These huge, whale-killing monsters bash surfers around like seaweed. But cinematographer David Hennings captures this beautiful blue chaos with an almost IMAX-like eye, climbing inside the waves themselves as surfers pass by on a curling wall of water.
After Maui native Anne Marie (Bosworth) almost drowned in a surf competition three years prior (portrayed in brutal, head-meets-rock flashbacks), she's wary of anything bigger than a pond ripple. Inching forward, she does gather up enough courage to go out in the kiddie waves, training for Pipe Masters, surfing's most dangerous, high profile (and male-dominated) surf competition.
In a questionable dramatic choice, Anne Marie's lack of focus serves as the focus of the film. She's left to look after her younger rebellious sister Penny (Mika Boorem) and reconcile her own scattered youth with newfound responsibilities (her mother abandons them to pursue a tryst). Adding to her confusion is pro quarterback Matt Tollman (Matthew Davis), in whom she quickly shows more interest than in her training -- much to the dismay of friends Eden (Rodriguez) and Lena (Sanoe Lake).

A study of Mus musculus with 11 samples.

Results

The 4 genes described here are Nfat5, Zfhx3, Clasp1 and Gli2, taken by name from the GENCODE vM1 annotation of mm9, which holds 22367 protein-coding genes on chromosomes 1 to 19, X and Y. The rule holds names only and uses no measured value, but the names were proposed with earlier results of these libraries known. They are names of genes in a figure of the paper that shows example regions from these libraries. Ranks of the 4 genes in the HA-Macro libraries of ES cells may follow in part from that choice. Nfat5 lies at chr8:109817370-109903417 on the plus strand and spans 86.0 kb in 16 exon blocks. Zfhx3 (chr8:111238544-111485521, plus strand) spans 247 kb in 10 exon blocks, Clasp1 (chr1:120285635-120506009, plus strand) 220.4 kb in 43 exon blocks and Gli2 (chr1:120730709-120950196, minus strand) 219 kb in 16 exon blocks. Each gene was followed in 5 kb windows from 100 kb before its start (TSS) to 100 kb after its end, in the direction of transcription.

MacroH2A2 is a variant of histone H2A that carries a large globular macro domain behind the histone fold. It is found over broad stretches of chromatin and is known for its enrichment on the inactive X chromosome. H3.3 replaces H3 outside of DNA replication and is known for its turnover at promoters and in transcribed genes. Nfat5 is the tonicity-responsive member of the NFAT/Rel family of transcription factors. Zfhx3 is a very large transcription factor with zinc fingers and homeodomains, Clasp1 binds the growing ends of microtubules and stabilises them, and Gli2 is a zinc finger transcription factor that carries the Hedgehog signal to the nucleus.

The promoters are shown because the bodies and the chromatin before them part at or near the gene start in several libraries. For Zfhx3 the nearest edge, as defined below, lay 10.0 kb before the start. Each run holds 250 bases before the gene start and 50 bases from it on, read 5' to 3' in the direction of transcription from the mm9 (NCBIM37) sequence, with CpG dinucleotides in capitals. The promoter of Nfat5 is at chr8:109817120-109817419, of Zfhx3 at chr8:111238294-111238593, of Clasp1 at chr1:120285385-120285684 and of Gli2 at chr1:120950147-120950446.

Freddie Prinze Jr.'s baseball yarn "Summer Catch" has much the same structure, as do many teen sports dramas. A promising talent can't quite pull it together professionally, as romantic, financial and parental pressures build up and knock them over. Nothing new here.
Even the dialogue from the film reads like notes scribbled into the script by a producer. Example: When Anne Marie wipes out one too many times, the sports announcer punctuates plot points with, "She needs to redeem herself here."
Apart from dazzling cinematography, we've seen just about everything in "Blue Crush" in one form or the other, down to the digital magic of pasting a star's face onto a stuntman's body.
Anne Marie's constant balking at the ocean becomes tiresome, though, as director Stockwell treats her nervous behavior as if it were some sort of a Hitchcockian device, drawing it out until the last possible second. Even this gets botched, as she's never allowed to pick herself up and find her own intestinal fortitude.
Instead, she has to be coaxed out into the waves in an unlikely fashion that reeks of a movie production ingratiating itself to the surf industry. But if you can ignore this and simply get lost in the crushing splendor of the waves themselves, the script might not leave you so seasick.
2 stars (out of 4)
Directed by John Stockwell; screenplay by Lizzy Weiss, John Stockwell; photographed by David Hennings; edited by Emma E. Hickox; production design by Tom Meyer; produced by Brian Grazer, Karen Kehela. A Universal Pictures release; opens Friday, Aug. 16. Running time: 1:46. MPAA rating: PG-13 (sexual content, teen partying, language and a fight).
Anne Marie -- Kate Bosworth
Eden -- Michelle Rodriguez
Lena -- Sanoe Lake
Penny -- Mika Boorem Matt -- Matthew Davis
Robert K. Elder is a Chicago Tribune Staff Writer.